ADDED 01/09/2019

Authoritarian Regimes Pay Millions to K Street Lobbyists

FROM 01/09/2019 | Bloomberg Government

BY Megan R. Wilson

  • More than 60 firms represented counties with lowest ratings

(Bloomberg Government) — Saudi Arabia and other countries with records of human rights abuses spend tens of millions of dollars every year to put their best faces forward in Washington.

They hire lobbying firms whose rosters include former members of Congress, high-profile former staff, ex-government staffers, and longtime veterans of the influence industry. More than 60 firms represented countries with some of the lowest ratings by the human rights group Freedom House at some point in 2017 and 2018.

“They’re realizing this is how a lot of Washington works. Just as they are cracking down and preventing people from speaking freely in their own countries, they are buying the ability to tell their story here,” said Adotei Akwei, Amnesty International USA’s deputy director for advocacy and government relations.

Saudi Arabia, whose leaders have been implicated in the murder of journalist Jamal Khashoggi, has spent about $24 million on lobbying and public relations since the beginning of 2017, according to government disclosure reports.

The kingdom has more than a dozen firms on retainer, including Hogan Lovells, which employs former Sen. Norm Coleman (R-Minn.).

More than $25 million was spent in 2017-18 by entities with ties to the government of China, and the United Arab Emirates dropped more than $29 million, including $10.5 million spent since the beginning of 2017 on an advisory firm run by former Treasury Department officials.

The work to burnish perceptions of Saudi Arabia included a Washington gala last March that offered invitees a chance to rub elbows with Crown Prince Mohammad Bin Salman, later accused of ordering Khashoggi’s murder.

“Nations with even the most notorious human rights violations don’t have a problem finding a lobbying firm to represent them,” said Craig Holman, a lobbyist at Public Citizen.

Human Rights Rankings

Freedom House, a non-profit human rights group partially funded by the U.S. government, does an annual analysis of political liberties and civil rights around the world. Bloomberg Government analyzed disclosure filings from the 12 nations with the worst human rights records that also hired lobbying, public relations, or consulting firms.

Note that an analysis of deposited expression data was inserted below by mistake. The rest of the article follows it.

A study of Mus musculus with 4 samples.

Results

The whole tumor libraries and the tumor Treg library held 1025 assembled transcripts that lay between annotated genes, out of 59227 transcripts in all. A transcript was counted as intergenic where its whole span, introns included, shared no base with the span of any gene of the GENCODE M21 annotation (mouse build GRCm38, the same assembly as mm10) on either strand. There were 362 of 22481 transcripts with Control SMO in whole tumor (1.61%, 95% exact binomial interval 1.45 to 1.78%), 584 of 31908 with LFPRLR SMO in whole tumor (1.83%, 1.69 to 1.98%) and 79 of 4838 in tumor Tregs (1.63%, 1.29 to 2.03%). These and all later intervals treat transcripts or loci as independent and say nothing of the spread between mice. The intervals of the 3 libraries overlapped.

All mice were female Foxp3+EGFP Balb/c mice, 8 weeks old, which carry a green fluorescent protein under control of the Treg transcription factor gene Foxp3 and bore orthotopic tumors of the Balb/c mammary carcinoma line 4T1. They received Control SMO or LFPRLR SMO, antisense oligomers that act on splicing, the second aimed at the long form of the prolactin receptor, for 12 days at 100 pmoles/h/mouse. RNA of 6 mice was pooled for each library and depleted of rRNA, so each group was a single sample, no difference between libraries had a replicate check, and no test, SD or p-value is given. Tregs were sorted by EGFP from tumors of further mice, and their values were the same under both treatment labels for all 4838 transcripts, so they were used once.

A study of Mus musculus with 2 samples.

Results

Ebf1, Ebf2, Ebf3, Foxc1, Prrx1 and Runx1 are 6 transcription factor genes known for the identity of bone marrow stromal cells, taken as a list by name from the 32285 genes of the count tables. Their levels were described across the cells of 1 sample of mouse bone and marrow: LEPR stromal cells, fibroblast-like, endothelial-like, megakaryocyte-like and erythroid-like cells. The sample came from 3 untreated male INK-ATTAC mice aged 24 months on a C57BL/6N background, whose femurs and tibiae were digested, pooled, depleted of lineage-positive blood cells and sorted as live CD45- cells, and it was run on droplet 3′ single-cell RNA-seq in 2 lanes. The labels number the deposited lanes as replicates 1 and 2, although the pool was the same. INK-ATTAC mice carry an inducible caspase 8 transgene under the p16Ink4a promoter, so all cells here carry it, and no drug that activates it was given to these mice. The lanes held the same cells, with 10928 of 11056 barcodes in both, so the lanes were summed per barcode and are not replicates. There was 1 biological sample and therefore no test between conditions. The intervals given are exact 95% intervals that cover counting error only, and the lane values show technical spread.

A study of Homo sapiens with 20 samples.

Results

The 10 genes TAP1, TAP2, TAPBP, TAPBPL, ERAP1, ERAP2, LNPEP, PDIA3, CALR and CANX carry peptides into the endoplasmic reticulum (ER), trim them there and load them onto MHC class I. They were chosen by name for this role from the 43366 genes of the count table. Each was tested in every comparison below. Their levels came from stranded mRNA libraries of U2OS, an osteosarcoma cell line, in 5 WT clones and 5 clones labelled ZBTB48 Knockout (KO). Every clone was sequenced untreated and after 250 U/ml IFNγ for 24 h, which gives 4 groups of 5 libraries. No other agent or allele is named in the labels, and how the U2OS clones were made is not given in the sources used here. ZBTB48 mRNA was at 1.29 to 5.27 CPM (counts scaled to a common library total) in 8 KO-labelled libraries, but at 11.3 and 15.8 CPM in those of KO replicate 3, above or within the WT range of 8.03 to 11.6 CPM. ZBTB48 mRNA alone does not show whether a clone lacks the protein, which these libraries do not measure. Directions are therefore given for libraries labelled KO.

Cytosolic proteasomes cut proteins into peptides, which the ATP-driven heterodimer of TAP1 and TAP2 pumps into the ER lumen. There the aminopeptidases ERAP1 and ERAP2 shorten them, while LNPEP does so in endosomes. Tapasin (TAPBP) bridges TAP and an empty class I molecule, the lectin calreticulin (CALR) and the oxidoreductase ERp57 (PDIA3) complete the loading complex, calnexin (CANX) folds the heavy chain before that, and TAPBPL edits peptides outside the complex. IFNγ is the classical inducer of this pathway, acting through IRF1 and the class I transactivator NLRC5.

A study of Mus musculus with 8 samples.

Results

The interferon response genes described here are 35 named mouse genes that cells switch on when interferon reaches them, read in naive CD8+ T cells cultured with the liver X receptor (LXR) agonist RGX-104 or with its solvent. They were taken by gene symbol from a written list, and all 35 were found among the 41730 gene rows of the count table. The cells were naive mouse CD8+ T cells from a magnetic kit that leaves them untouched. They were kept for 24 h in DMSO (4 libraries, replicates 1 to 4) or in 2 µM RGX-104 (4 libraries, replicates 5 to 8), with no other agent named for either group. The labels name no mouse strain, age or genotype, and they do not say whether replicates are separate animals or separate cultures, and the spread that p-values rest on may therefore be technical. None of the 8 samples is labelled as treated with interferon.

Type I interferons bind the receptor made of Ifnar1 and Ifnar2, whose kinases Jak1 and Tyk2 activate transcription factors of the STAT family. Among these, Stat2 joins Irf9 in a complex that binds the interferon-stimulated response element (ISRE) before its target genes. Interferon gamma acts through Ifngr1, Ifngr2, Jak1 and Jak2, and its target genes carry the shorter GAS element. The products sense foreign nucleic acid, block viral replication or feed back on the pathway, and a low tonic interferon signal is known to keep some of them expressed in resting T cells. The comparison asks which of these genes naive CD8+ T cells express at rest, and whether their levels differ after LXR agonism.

More than a dozen K Street shops had multiple clients among the 12 countries at some point in 2017 and 2018.

For instance, MSLGroup is Saudi Arabia’s longest-serving public affairs firm in Washington, with their relationship beginning in 2002.

The firm represents Equatorial Guinea and previously represented China, both countries governed by authoritarian rule. Lobbying powerhouse and international law firm Squire Patton Boggs also has Saudi Arabia and China as clients, and has worked to ease U.S. sanctions on Sudan.

Glover Park Group and Harbor Group, both of which dropped Saudi Arabia as clients following Khashoggi’s murder, still represent the United Arab Emirates. BGR Group dropped Saudi Arabia but continued to represent Saudi ally Bahrain and two other countries ranking low on the human rights group’s list, Azerbaijan and Somalia.

Consultants say they’re helping the client nations learn how Western media and governments work while creating beneficial relationships.

“If the United States doesn’t have a dialogue with the country, you can’t improve conditions in that country,” said Christopher Harvin, co-founder of Sanitas International, who represents the Democratic Republic of Congo and formerly worked for Azerbaijan.

“We’re often helping them overcome these criticisms so they don’t make those mistakes again,” said Harvin, who advised the Trump campaign and served in the George W. Bush administration.

Akwei disagrees.

“It doesn’t allow for an honest debate for the situations inside the countries, it doesn’t allow for real progress,” he said. “It is an exercise in spin.”

–With assistance from Jodie Morris and Madi Alexander.